He was elected MEP in the 1979 European elections and was elected to the French National Assembly for Paris in 1981. Between 1988 and 1993 he served as Secretary of State for Road and Fluvial Transportation in the governments led by Michel Rocard, Édith Cresson and Pierre Bérégovoy. He later served, between 1995 and 2008 as the Mayor of the 11th arrondissement of Paris.
In the left's 1993 debacle, he was re-elected in Paris' 6th constituency, the only constituency not won by the right in that election. That same year, disagreeing with the Socialist Party's neo-liberal derive, he joined Jean-Pierre Chevènement in creating the Citizens' Movement (MDC). The MDC became the Republican Pole in 2002 before adopting its current name, Citizen and Republican Movement (MRC). He supported Chevènement's candidacy in the 2002 presidential election and prepared a second Chevènement candidacy in the 2007 presidential election, but Chevènement did not run, instead supporting the Socialist candidate Ségolène Royal by the first round.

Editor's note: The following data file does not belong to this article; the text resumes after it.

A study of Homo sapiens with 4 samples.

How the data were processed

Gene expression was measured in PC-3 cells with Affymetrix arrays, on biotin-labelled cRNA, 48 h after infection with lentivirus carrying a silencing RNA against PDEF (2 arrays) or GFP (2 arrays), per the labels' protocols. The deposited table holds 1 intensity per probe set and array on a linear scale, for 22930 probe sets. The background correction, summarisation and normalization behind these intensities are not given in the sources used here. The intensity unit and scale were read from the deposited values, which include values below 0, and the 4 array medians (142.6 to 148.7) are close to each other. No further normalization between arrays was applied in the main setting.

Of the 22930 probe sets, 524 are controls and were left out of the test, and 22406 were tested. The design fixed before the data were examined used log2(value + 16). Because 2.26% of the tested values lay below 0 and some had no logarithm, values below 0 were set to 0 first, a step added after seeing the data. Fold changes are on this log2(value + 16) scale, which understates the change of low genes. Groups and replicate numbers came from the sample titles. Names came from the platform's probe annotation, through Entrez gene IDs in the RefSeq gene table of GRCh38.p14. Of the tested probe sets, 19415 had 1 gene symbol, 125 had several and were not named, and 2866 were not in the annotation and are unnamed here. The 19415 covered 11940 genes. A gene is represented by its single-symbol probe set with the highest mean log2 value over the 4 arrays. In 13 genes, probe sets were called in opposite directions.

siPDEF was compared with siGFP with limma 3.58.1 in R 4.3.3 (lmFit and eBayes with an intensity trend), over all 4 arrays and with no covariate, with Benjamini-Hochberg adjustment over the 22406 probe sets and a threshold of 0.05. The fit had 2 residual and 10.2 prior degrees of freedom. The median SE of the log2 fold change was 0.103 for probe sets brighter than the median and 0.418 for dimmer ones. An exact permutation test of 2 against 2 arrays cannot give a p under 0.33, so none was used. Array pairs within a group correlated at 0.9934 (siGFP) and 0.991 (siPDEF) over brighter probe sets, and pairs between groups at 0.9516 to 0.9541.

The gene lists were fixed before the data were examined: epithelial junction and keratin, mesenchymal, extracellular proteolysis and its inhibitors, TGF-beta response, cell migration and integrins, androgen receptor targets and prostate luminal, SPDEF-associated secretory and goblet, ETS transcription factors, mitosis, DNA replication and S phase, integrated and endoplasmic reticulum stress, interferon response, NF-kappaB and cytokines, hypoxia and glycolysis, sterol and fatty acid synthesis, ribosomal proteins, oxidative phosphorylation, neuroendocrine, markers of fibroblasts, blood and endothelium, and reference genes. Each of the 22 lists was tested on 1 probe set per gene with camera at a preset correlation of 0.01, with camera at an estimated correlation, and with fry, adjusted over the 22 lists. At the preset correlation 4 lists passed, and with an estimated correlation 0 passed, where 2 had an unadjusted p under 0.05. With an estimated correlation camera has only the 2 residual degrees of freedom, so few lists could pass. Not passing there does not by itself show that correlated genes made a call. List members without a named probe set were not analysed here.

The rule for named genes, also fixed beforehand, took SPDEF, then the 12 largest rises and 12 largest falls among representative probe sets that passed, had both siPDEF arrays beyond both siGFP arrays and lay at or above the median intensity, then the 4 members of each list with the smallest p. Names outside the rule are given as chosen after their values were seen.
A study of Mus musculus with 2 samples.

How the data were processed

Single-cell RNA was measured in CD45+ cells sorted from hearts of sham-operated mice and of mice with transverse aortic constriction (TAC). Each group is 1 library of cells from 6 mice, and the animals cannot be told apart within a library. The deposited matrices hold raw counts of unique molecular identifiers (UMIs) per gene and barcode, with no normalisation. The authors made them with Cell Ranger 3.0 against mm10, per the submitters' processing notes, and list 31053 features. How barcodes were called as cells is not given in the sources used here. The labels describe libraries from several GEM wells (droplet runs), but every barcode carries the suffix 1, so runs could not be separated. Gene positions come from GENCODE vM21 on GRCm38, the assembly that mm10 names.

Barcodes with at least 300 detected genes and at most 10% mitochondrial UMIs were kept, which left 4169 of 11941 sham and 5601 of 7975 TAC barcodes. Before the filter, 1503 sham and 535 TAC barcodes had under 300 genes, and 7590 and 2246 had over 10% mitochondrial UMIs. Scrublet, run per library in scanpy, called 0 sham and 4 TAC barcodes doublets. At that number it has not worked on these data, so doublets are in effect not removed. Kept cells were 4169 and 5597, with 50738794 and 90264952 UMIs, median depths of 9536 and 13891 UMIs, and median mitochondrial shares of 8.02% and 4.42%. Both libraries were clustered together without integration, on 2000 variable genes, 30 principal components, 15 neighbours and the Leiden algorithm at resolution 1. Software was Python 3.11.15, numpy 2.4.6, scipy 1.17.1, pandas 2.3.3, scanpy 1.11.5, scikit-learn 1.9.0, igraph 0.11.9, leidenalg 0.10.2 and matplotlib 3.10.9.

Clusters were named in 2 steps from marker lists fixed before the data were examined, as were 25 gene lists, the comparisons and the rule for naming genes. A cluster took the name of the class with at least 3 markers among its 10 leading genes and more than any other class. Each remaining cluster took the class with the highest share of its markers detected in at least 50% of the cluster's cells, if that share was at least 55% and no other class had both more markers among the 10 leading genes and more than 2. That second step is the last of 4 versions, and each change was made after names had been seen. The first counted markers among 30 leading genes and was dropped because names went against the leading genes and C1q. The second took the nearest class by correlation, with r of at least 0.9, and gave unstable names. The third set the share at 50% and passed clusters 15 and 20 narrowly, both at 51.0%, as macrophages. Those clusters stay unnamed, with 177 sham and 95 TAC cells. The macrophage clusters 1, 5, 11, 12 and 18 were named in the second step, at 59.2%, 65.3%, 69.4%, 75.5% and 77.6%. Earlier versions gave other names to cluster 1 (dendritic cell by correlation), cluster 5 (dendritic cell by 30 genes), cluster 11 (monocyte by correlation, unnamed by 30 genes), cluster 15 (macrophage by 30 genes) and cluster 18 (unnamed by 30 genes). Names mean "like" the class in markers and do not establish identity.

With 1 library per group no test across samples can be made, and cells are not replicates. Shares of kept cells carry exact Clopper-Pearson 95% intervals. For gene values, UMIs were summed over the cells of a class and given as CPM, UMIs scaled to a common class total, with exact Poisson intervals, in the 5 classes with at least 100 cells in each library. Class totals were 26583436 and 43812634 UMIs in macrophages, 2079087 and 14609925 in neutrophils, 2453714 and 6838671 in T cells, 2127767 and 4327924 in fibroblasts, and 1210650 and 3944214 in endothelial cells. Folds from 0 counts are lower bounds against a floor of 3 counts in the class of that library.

He was defeated in his constituency by the Socialist Danièle Hoffman-Rispal in the French legislative election, 2002. However, ahead of the 2007 presidential election and 2007 legislative election in which the MRC supported Royal's candidacy in return for the Socialist Party's endorsement of Sarre's candidacy in the Creuse's 2nd constituency in the June legislative election. Despite the lack of PS opposition, he lost the runoff to UMP incumbent Jean Auclair.
He is often considered the co-leader of the MRC along with Chevènement, although Chevènement is currently the MRC's President.